Featured Entrepreneur: Dr. Nina
Interviewed by: Anna De La Rosa
Photo Credits: Dr. Nina Savelle-Rocklin
Words can’t describe how excited I was when having the opportunity to interview this amazing Doctor!!!!!!!
Dr. Nina stands alone when it comes to food, weight and body image issues and not to mention her program is absolutely #1!!!!!!!!! CHECK IT OUT HERE
Dr. Nina Savelle-Rocklin is a psychoanalyst, author, speaker and internationally-recognized expert in weight, food and body image issues. She has been featured in the Los Angeles Times, Prevention, Real Simple, Huffington Post and many other publications, and is a frequent guest expert at summits, podcasts, radio and events. Dr. Nina helps people lose weight without dieting by focusing on what’s eating “at” them instead of what they are eating. In addition to her clinical practice, she writes an award-winning blog, Make Peace With Food, hosts a popular podcast, Win The Diet War with Dr. Nina, and offers “food for thought” on her video series, The Dr. Nina Show. Her book, Food For Thought, on the understanding and treatment of eating disorders, is an Amazon bestseller.
INTERVIEW WITH DR. NINA
Q1. What did you want to be growing up?
At different times, I wanted to be a dancer, a bestselling novelist, and an ambassador to Russia.
Q2. With being a woman entrepreneur we are always learning and growing from mentors, authors and trial & error, what is the best piece of advice that you have gotten to date as you have been growing your empire and contributing to your success?
The best piece of advice was to trust myself and to ignore the haters.
One of my mentors also advised me to continue to do scholarly writing, not just focus on the mainstream public. The result is my new book, Food For Thought, a crossover book about eating disorders that is accessible to anyone, not just clinicians or psychoanalysts.
Q3. What is the worst?
When I opened my private practice, everyone told me that it was a mistake to specialize in eating disorders, that I should not have a website, and under no circumstances should I disclose my personal history of eating disorders on that website. I ignored all of this advice!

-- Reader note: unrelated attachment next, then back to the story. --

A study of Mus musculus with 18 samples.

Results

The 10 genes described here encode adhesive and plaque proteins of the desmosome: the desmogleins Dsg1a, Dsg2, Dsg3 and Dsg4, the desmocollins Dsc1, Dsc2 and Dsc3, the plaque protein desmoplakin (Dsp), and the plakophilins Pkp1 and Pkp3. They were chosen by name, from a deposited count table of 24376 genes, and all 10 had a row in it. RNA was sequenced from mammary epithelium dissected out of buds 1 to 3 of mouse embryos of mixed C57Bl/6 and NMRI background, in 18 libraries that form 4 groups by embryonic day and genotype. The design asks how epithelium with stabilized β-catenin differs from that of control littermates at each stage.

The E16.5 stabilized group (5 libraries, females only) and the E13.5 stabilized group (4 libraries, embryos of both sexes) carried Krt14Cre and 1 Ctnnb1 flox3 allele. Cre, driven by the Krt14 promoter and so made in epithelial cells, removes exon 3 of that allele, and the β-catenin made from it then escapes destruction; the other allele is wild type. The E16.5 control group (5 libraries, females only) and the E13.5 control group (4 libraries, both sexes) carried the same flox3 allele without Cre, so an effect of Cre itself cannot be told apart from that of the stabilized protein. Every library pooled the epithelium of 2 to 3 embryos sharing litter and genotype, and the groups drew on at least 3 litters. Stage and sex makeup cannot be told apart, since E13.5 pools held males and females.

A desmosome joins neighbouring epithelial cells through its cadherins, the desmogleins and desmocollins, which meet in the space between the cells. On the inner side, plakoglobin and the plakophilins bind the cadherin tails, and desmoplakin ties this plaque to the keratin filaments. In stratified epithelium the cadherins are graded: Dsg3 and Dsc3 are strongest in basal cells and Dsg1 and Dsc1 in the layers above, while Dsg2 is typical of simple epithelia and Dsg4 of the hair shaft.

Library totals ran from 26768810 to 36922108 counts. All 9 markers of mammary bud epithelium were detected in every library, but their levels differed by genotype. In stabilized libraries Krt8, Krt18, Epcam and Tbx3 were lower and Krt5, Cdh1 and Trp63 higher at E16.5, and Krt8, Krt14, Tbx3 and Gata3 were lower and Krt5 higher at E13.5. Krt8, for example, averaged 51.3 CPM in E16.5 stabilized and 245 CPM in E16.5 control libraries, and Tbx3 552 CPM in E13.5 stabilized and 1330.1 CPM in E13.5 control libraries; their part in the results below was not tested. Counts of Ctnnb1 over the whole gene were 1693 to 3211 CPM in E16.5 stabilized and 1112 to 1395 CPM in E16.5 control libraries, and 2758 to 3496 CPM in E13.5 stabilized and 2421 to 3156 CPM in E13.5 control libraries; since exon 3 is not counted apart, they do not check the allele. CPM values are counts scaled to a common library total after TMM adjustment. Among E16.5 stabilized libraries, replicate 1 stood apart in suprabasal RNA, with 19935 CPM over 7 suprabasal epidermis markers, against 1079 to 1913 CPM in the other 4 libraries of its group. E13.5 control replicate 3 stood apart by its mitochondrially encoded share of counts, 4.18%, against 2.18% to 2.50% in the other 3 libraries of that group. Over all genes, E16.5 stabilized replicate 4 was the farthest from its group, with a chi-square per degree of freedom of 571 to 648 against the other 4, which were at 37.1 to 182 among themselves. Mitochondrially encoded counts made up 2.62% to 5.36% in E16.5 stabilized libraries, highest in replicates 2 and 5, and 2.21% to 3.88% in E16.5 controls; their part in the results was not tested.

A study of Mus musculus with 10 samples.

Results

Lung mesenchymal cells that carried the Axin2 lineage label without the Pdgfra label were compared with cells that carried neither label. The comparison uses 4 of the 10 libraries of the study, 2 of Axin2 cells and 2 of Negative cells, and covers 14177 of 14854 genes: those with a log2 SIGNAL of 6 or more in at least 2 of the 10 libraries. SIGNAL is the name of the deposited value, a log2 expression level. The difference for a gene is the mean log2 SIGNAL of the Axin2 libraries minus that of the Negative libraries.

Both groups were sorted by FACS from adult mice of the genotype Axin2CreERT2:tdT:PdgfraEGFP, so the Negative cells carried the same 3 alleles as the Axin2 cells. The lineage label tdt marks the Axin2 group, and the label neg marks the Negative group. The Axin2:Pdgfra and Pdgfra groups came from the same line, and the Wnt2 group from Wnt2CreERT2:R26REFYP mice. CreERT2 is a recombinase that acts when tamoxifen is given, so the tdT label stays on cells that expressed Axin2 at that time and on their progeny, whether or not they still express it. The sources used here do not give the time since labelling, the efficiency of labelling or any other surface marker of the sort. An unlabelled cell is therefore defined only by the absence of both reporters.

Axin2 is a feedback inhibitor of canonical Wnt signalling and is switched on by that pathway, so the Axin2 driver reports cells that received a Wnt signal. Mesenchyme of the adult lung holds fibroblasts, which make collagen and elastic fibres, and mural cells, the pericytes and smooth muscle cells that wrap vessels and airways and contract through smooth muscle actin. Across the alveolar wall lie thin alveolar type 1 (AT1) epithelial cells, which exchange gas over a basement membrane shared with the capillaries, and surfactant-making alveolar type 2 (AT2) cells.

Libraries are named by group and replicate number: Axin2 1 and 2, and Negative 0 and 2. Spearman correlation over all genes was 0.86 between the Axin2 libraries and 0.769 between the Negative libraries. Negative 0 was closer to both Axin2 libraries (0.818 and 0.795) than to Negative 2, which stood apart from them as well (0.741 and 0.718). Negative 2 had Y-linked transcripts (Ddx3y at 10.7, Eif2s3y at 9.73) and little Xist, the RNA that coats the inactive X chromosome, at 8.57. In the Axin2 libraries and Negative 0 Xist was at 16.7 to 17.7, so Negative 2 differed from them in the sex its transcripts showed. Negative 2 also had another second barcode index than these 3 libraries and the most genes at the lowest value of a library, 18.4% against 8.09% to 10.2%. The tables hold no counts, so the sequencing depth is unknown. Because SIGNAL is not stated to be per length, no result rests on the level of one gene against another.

Q4. YOU HAVE BEEN COVERING SEVERAL IMPORTANT TOPICS below that many suffer from and have been trying to find a solution. I know as a business owner I wear lots of hats and then you come home and you are mom, friend etc… And it gets stressful. Can you tell us more about the below and then how the audience can get more info on them.?
*Cracking the code of emotional eating:
- Often, what you think of as a “trigger food” actually points to the true trigger, the underlying emotion, need, or conflict.
- Foods that are sweet and smooth and creamy, such as Ice cream, frozen yogurt, pudding, and suggest a longing for comfort, for soothing and nurturing.
- If ice cream is your go-to food, then it is likely you’re in need of comforting, nurturing and soothing.
- Foods that are filling, breads, pasta, cake, and pizza are correlated to loneliness, since they are bulky and fill an internal void.
- If you crave these types of “filling” foods, that’s a clue you may be feeling deprived, empty, or lonely and using food to symbolically fill up.
- Foods that are crunchy, like chips, pretzels, even apples – anything with a CRUNCH! – are associated with anger. If crunchy foods are the ones you turn to most, you may be angry, frustrated, annoyed or anxious.
*Create an appetite for life (instead of giving into the appetite for junk food
- When you are preoccupied with food and weight, your life feels very small. Creating an appetite for life means expanding your world, being hungry for experiences, for love, for connections, and for all of what makes life worth living.
*Win the diet war
- Diets fail because on some level they are about deprivation and that always leads to overeating or bingeing. That’s because the anticipation of not being able to eat what you want WILL make you want it more.
- And if you’re thinking about not having pizza or pasta or ice cream, then you’ve pizza or pasta or ice cream on the brain, all day. And that puts the focus on the wrong thing, which is WHAT you’re eating, instead of WHY you’re eating.
- Ultimately, diets fail because they only deal with food.
*Diets do not address the underlying conflicts that make you turn to food in the first place. There are many reasons why that might be happening.
- Eating for comfort
- For distraction
- To numb yourself against difficult feelings
- And more.But most importantly, dieting keeps you in a perpetual battle with yourself.
- The key to change is to stop dieting and start tuning into what’s eating “at” you. When you deal with the true problem, you won’t use food to cope.
PS: Also stay tuned for the rest of our amazing interview in my upcoming book.